Sino-Forest Corp.’s Chief Executive Officer and Chairman Allen Chan resigned two days after a Canadian securities regulator said the company may have exaggerated timber holdings, the same charge made by short seller Carson Block in June.
Chan “voluntarily resigned” both positions, the Hong Kong- and Mississauga, Ontario-based company said in a statement yesterday. Chan was replaced by Executive Director Judson Martin as CEO and William Ardell as chairman. Ardell is leading Sino-Forest’s internal investigation of Block’s allegations.
The Ontario Securities Commission halted trading in Sino-Forest’s shares on Aug. 26 and said the company may have misrepresented revenue. Sino-Forest has plunged 67 percent in Toronto since Block’s Muddy Waters LLC published a report June 2 alleging that the company was a “fraud.”
“The allegations made in the OSC’s temporary order, while unproven, are of a serious nature,” Sino-Forest said in the statement. “The company’s business is complex, the scope of the review is significant and there are enormous amounts of data that have been marshaled and are under review.”
Sino-Forest’s U.S.-traded shares tumbled 72 percent to $1.38 on Aug. 26 in over-the-counter trading. They closed on the Toronto Stock Exchange at C$4.81 on Aug. 25.
Sino-Forest’s U.S. shares were halted after the close on Aug. 26, George Smaragdis, a spokesman for the Financial Industry Regulatory Authority, said in an e-mailed response to questions. Trading wasn’t stopped until the authority confirmed that the Canadian halt wasn’t routine, he said.
Standard & Poor’s Ratings Services said today it cut Sino-Forest to CCC- from B and then withdrew its ratings. Moody’s Investors Service downgraded it to Caa1 from B1.
Billionaire Richard Chandler, the biggest single investor in Sino-Forest, didn’t immediately respond to an e-mail seeking comment. Richard Barton, a Hong Kong-based external spokesman for Chandler, declined to comment. Chandler said Aug. 4 he increased his stake to 18 percent.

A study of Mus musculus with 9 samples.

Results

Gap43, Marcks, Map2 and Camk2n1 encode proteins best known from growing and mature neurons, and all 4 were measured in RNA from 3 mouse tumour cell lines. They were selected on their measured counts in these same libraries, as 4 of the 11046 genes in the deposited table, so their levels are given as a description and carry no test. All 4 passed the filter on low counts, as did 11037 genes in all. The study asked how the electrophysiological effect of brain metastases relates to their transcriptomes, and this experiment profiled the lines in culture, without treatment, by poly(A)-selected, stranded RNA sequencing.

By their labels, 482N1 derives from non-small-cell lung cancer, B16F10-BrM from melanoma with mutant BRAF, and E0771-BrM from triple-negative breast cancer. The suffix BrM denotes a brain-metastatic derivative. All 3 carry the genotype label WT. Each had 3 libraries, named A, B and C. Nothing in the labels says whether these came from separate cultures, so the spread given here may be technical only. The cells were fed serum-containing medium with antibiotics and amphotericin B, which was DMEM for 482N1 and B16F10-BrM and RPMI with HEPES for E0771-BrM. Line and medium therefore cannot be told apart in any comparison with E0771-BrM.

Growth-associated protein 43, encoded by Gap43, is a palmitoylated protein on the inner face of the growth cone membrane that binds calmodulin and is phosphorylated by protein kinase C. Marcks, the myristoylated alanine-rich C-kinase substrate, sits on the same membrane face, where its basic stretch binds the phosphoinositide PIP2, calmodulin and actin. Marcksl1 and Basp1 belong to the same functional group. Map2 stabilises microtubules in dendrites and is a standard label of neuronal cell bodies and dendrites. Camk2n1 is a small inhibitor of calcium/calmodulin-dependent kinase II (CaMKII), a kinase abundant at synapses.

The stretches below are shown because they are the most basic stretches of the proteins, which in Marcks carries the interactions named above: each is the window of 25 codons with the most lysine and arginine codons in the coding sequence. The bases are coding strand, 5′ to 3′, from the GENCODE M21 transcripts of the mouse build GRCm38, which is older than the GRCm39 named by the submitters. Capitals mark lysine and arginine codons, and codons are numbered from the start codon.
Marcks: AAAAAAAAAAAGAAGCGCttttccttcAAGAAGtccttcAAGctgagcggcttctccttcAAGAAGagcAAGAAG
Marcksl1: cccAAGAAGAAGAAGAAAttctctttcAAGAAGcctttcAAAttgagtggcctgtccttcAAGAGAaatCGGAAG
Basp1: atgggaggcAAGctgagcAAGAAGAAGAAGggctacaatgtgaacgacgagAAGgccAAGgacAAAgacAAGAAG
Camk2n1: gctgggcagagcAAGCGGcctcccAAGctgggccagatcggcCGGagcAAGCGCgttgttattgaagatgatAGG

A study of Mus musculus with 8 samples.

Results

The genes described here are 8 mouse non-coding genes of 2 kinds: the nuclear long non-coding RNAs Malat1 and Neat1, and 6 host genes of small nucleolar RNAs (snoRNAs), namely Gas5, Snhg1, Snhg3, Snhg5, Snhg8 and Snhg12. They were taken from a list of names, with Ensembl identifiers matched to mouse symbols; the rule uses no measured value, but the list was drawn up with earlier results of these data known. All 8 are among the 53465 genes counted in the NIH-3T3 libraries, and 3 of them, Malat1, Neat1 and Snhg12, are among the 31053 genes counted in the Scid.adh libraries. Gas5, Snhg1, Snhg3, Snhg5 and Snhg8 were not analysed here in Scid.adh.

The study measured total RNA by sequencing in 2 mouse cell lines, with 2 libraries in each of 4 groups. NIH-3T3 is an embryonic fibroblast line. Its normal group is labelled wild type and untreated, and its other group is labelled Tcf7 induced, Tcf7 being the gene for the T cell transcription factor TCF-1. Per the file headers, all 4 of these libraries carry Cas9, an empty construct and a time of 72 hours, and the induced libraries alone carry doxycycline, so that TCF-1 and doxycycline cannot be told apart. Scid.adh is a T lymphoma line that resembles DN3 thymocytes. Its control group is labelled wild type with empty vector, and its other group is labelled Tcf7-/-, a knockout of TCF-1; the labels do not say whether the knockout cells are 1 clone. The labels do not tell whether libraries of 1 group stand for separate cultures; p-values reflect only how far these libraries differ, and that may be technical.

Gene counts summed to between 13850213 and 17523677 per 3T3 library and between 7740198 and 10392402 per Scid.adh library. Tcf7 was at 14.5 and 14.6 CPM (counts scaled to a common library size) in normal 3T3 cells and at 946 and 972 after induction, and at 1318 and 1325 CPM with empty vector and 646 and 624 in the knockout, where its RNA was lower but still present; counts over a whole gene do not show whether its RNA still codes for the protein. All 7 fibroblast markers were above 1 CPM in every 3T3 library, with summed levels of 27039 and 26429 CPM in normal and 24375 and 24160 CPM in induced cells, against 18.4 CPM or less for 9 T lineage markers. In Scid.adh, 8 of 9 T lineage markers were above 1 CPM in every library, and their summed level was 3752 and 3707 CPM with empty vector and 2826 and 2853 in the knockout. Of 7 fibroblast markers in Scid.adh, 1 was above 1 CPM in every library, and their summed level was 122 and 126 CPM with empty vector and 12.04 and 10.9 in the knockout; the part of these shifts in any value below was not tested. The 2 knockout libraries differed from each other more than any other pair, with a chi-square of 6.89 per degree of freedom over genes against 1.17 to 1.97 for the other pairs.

“Why we put these reports out is we want to see these frauds erased,” Block said today in an interview with Matt Miller on Bloomberg Television’s “Inside Track.”
Chan also resigned as chairman of Sino-Forest’s Hong Kong unit Greenheart Group Ltd., according to a regulatory filing. Greenheart, halted from trading ahead of the announcement, remained suspended at the close.
Shares in Greenheart have plunged 69 percent since Block made his allegations even as the company has said it operates independently of Sino-Forest. Greenheart dropped 3.4 percent to 86 Hong Kong cents on Aug. 26.
Sino-Forest has denied Muddy Waters’ allegations and established an independent committee of directors to respond to the accusations. The company said Aug. 16 the probe would take until the end of the year, later than the two to three months it estimated on June 14.
The company said yesterday three other employees had taken leave after “certain information” was uncovered by the committee.
Sino-Forest officers and directors “appear to have misrepresented some of its revenue and/or exaggerated some of its timber holdings,” the OSC said Aug. 26. The company did this by providing information that “may have been false or misleading in a material respect,” the regulator said.
The OSC sanctions follow a warning from the U.S. Securities and Exchange Commission in June about buying stakes in companies that gain listings on its exchanges through so-called reverse takeovers. Sino-Forest listed in Canada in 1994 through the reverse takeover of a dormant company on the Alberta Stock Exchange. Sino-Forest eventually shifted to the Toronto exchange.
Between March 1994 and the end of last year, Sino-Forest soared 30-fold to C$23.29, as the company stepped up its strategy of putting foreign capital to work by acquiring, trading, harvesting and replanting China’s timberlands.
Chan’s business model appealed to investors and to the Chinese government, keen to improve the productivity of its forests and to increase employment in the countryside, Jimmy Huang, president of Toronto-based T.I.P. Wealth Manager Inc. in Toronto, said last month in an interview.
“His story was rather than just cutting virgin forest and leaving it for moose pasture, he would replant with fast-growing tree species” such as eucalyptus, using the latest advances in tree genetics and cultivation techniques, said Huang.
Since 2003, Sino-Forest has raised almost C$3 billion from public capital markets, the OSC said in its Aug. 26 statement.
Ontario’s securities watchdog on Aug. 26 initially ordered Chan and four other Sino-Forest group executives to resign and later rescinded the order.
The suspension of trading in Sino-Forest’s shares didn’t cause a default under the company’s guaranteed senior notes or its convertible senior notes, according to the statement.